Frequently Asked Questions about Trayless1. How is going trayless really going to affect Concordia?
1. Significantly reduced food waste. Studies at Concordia have found that food waste is reduced 40% when Anderson is trayless. During two hours of lunch time when there are trays available enough food is wasted to feed approximately 60 people.
2. Saves energy to heat water and reduces our dependence on non-renewable fossil fuels.
3. Fewer detergents, solid waste and grease down the drain also improves our local community’s water supply.
4. Reduces the amount of time the dishwasher is running, reducing water usage.
5. Helps guests in Anderson Commons manage portion sizes. This will lead to a positive impact on health.
6. Food will be at the appropriate temperature when guests eat because of less time spent in the servery filling up a tray.
7. There will be less congestion in the servery due to guests filling up a plate rather than a tray.
8. Encourages students and other campus community members to actively participate in a “green” initiative that has both a personal and community impact.
9. Helps educate students and other campus community members on the positive environmental effects that a small change can make.
10. Guests in Anderson Commons will have a better visual experience without the trays. The atmosphere will change from institution to more homey.
2. Why can’t we donate the food instead of throwing it away?
Due to Minnesota food code, food that is served, either on your plate or on the serving line, is unable to be donated or reused. At DS, staff members track the portions served of every item in Anderson Commons at every meal, every day, and base future food forecasts on those figures. If less food is taken, less food is prepared the next time that particular menu item is served. Therefore, the less that our guests waste, the less we waste.
Food that is prepared but not served is donated to Daily Bread.
3. What about going plateless?
1. Based on Minnesota food code, every time a guest returns for more food they would have to grab another large tray, even for a small item.
2. Trays are not meant to be used as plates – they can’t stand up to knives and forks so they would have to be replaced more often.
3. Studies show the larger your area to fill with food, the more food you will take. Filling up a tray with food would lead to a dramatic increase in food waste.
4. Trays are larger than plates so the dishwasher would have to run longer because fewer can fit in at one time, using more water, chemicals and electricity.
4. Doesn’t the dishwasher in Anderson run constantly?
The dishmachine is a closed system. The tanks are filled in the morning and water is changed throughout the day to ensure proper cleaning. The more wares that are washed, the more frequently the water needs to be drained and the tanks sprayed out and refilled. More draining, spraying, and refilling results in increased water usage.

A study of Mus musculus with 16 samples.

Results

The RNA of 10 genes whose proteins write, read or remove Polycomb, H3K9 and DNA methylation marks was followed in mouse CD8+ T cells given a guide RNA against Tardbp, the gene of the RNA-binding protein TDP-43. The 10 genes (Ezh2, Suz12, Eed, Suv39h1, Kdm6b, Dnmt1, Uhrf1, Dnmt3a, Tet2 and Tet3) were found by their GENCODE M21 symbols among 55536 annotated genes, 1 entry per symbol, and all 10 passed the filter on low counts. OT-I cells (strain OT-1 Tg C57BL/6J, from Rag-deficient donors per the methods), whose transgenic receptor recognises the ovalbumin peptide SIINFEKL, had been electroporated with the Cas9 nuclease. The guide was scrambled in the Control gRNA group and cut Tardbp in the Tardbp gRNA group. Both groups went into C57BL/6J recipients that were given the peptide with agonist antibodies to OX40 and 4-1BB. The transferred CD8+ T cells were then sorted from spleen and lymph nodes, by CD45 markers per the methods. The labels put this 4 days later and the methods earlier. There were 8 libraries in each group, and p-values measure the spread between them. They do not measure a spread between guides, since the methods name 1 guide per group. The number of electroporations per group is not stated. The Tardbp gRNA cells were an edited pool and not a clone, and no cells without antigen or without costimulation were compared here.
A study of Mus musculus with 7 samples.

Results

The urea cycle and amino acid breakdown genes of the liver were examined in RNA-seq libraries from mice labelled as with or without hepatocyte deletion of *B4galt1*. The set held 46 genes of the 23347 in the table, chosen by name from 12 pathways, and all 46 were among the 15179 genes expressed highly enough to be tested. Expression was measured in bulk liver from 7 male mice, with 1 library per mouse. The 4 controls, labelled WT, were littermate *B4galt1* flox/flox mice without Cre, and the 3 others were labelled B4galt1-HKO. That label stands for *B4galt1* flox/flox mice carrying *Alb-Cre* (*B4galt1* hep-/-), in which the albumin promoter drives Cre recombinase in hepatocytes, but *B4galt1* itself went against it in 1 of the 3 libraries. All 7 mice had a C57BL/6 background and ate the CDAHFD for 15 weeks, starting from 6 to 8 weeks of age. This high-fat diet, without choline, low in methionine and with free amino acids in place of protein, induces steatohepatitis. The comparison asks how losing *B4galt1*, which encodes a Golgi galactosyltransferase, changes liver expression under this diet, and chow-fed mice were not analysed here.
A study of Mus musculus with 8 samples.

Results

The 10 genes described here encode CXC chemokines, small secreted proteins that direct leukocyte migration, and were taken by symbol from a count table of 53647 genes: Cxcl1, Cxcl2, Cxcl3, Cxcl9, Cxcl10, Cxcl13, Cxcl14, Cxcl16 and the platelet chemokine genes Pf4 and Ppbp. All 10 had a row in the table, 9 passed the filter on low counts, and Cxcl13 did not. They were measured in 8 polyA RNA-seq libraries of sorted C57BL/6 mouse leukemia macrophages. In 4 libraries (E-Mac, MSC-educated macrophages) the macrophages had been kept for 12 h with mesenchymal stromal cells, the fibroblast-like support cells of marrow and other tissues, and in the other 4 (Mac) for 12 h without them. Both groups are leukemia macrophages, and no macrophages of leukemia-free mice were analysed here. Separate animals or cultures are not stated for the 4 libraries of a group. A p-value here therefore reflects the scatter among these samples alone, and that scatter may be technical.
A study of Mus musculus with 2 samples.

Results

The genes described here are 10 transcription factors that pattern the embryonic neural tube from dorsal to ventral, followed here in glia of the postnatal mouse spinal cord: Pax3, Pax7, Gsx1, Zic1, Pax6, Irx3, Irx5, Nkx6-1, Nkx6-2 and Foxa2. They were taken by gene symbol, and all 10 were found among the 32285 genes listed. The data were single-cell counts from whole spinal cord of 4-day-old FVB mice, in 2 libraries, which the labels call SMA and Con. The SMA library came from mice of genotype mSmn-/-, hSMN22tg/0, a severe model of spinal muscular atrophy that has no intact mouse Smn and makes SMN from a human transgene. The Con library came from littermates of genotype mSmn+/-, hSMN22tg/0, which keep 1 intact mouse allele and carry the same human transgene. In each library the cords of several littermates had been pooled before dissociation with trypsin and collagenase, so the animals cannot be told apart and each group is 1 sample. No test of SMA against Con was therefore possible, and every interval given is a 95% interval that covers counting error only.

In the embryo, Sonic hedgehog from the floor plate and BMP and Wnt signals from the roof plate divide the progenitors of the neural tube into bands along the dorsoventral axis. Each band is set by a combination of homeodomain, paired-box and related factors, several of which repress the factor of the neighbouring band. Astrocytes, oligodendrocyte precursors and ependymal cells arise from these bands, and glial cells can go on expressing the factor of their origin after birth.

The dishmachine runs constantly during the time it is needed. Reducing the quantity of wares that need to be washed reduces the overall running time per day. Reduced running time results in reduced electrical and chemical usage.
The dishwasher in Anderson is one of the most eco-friendly models available.
5. Aren’t there going to be more people dropping and breaking plates since they don’t have a tray?
This actually has been something of a concern at those universities that have gone trayless, but all report the problem is minimal, especially as students become more adept at carrying tableware without a tray. Most report nominal increases in breakage that are more than offset by savings in food waste.
6. Is this going to stop me from taking as much as I want?
Guests are welcome to eat as much as they care to eat. Removing trays encourages guests to only take as much as they are going to eat. Guests can always go back for seconds or even thirds.
7. Is Concordia the only school trying trayless?
No. In fact colleges and universities across the country have gone completely trayless. Some of those schools include: University of Minnesota, NDSU, Berkeley, NYU, University of Illinois, and many more.
8. Are trays available if I want one?
Trays will not be available to guests unless they have received an official exemption, which must be approved by the exemption committee. In order to receive an exemption the person must apply and prove one of the following:
1) A temporary or permanent disability or injury that significantly impairs a person’s ability to transport food without the use of a tray.
2) A documented requirement or need to consume an unusually large quantity of food (such as for certain athletes) combined with an unusually short amount of time for the meal (due to class schedule, etc.). In these cases, exemptions will be granted on a semester-by-semester basis.
3) Other reasonable, demonstrable, and unusual conditions as approved by the committee.
An exemption will only be granted in rare circumstances and guests should not apply for one without a very compelling reason.